Numerous reports over recent weeks and months indicate that Russian morale has been steadily declining over mounting casualties and lack of progress in its ongoing invasion of neighboring Ukraine, and that morale may have just taken another significant blow, albeit not directly because of the war.
The Russian Ministry of Foreign Affairs announced this week that a venerated World War II hero of the Soviet Red Army, Sergey Dmitrievich Romanovtsev, passed away Thursday at the age of 97.
Hero of the Soviet Union passes away
According to the Russian Ministry’s press release, Romanovtsev had been born in Tula in 1925 and joined the Soviet Red Army in 1943, during which he reportedly participated in multiple battles to push the German Nazis out of Russian territory and all the way back to Berlin.
He was described as having fought with “unparalleled courage” and received several awards for his service, most prominently the title of “Hero of the Soviet Union.”
Other awards that Romanovtsev was given included “the Order of Lenin, the Order of the Red Banner, the Order of the Patriotic War of the 1st degree, the Order of the Patriotic War of the 2nd degree, the medals ‘For Military Merit,’ ‘For the Victory over Germany in the Great Patriotic War of 1941-1945,’ ‘For the Liberation of Warsaw,’ ‘For the capture of Berlin,’ and other awards.”
After the war was over, he transferred to the reserves in 1947 and then attended military college before becoming a top diplomat in the 1950s in the Ministry of Foreign Affairs. He served on behalf of the Soviet Union in Canada, the United States, and Finland before returning home for good in the 1970s and retiring from public service in 1991.
“We express our deep condolences to the family and relatives of S.D. Romanovtsev. The bright memory of Sergei Dmitrievich, his military merits and excellent business qualities will forever be preserved by his colleagues and friends,” the Ministry said in the statement.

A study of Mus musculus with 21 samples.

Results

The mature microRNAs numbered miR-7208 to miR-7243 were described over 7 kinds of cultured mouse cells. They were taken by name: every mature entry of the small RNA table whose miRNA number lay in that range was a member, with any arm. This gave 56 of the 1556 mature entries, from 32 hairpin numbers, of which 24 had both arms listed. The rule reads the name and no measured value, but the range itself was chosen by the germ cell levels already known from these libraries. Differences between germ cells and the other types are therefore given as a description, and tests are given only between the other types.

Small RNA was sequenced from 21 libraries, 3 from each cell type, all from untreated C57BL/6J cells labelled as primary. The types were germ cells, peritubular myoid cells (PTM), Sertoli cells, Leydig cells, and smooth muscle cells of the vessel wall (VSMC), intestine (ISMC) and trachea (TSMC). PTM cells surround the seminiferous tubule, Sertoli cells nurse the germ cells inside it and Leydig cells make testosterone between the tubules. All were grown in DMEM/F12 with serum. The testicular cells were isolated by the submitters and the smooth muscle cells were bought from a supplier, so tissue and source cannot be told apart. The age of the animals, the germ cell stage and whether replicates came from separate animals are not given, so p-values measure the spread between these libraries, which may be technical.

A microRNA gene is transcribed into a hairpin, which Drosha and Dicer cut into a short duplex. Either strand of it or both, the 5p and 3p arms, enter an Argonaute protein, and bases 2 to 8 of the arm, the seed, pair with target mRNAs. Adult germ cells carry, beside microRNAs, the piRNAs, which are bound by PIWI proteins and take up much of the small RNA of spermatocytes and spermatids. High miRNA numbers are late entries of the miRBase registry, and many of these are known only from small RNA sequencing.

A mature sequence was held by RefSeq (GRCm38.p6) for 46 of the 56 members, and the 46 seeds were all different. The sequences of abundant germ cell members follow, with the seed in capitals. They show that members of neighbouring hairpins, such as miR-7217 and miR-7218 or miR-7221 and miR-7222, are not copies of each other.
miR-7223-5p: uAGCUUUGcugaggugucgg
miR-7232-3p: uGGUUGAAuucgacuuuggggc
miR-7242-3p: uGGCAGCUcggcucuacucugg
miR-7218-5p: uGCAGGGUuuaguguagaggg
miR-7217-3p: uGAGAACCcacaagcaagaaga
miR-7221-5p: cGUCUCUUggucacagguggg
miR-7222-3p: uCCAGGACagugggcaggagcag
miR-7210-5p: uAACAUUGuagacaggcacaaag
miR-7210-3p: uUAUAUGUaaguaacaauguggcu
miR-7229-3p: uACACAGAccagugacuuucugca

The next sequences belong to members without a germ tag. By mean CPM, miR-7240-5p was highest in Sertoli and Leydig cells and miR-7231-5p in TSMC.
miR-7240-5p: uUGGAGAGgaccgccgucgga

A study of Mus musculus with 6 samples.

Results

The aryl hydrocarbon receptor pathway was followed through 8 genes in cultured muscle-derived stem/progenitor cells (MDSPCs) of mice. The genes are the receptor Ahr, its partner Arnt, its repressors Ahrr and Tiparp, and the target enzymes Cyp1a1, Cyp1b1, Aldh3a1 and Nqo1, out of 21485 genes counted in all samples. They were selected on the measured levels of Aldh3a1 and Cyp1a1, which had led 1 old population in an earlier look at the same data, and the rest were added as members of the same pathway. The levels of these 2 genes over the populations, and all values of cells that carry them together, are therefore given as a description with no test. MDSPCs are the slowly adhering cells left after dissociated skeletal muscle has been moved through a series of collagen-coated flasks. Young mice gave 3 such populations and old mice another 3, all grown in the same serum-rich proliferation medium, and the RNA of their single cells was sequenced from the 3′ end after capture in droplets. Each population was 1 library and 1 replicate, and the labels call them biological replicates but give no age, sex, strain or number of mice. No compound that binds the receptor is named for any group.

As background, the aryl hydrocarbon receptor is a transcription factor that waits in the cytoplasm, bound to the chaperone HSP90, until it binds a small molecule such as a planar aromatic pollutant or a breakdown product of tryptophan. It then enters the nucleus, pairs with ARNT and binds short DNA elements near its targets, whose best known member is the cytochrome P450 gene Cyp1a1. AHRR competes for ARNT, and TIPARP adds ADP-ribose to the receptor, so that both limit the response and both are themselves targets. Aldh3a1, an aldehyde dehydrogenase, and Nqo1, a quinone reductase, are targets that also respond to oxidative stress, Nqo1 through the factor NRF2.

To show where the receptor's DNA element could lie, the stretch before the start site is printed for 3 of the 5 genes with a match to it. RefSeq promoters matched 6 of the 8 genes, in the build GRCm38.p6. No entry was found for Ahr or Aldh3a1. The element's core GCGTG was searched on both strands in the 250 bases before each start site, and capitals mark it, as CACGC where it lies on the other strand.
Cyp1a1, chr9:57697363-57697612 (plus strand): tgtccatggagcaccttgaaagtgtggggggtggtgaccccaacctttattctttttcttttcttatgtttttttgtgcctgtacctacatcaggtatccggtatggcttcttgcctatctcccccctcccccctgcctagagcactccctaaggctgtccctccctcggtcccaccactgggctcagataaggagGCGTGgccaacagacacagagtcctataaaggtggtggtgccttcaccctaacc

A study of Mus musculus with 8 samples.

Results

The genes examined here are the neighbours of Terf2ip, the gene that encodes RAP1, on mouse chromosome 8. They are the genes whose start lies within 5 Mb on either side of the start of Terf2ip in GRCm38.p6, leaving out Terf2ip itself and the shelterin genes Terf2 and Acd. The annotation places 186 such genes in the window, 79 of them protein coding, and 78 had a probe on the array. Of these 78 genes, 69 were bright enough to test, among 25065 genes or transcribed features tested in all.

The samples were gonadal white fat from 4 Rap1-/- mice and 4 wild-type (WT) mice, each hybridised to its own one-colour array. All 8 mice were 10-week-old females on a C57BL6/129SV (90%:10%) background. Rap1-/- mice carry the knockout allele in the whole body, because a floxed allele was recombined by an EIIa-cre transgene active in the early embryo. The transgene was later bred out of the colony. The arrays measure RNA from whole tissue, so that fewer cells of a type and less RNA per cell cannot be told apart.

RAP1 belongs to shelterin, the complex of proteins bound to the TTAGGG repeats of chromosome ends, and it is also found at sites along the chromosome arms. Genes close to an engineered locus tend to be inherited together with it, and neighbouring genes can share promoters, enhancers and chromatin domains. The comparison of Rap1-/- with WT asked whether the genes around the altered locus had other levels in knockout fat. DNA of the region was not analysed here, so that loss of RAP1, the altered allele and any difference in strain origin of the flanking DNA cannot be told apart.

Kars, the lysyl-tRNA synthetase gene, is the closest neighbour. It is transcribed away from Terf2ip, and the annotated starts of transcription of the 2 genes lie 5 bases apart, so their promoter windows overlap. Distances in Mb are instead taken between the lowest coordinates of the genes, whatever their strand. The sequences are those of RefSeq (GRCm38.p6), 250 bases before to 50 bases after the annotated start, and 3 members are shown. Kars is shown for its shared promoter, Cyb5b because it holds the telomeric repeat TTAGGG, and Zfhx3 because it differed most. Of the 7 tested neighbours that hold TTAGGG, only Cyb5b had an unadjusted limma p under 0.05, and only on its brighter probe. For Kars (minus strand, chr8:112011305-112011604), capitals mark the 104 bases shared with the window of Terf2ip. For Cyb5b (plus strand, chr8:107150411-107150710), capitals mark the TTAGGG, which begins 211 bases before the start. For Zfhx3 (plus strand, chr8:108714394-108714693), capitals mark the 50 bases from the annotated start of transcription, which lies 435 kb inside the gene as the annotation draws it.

Russian generals were killed, and low morale was a problem in Ukraine
This news of the death of a great hero of the Soviet Union’s war against Nazi Germany would likely be devastating in and of itself for many proud Russian people and soldiers but is arguably even more so in light of the crushing losses Russia has reportedly suffered during its three months and counting invasion of Ukraine.
The Moscow Times reported on May 11, about a New York Times report, that it was estimated that at least 12 Russian generals had been killed so far in the fighting in Ukraine. Making matters worse were the claims that U.S. intelligence had helped Ukrainian forces locate and target those top Russian officers as part of a “proxy war” between the U.S. and Russia.
Around the same time as that report came, one from Fox News cited an unnamed senior U.S. Defense official as claiming that Russian forces deployed to Ukraine had only made “incremental gains” and were suffering from low morale and unit cohesion issues, though it was admitted that the “problem” was likely not widespread throughout the entire Russian military.
“We keep getting anecdotal indications … that morale and unit cohesion remains a problem,” the official said. “Soldiers not obeying orders, or not fighting as well or as aggressively as they are being told to or expected to — even to the point where some officers are refusing to obey orders.”
Conversely, Ukrainian forces had displayed “a very strong will to fight there,” and the official said, “Again, we don’t have perfect visibility into every unit, but we’re not seeing the kinds of unit cohesion and morale problems … in the Ukrainian armed forces.”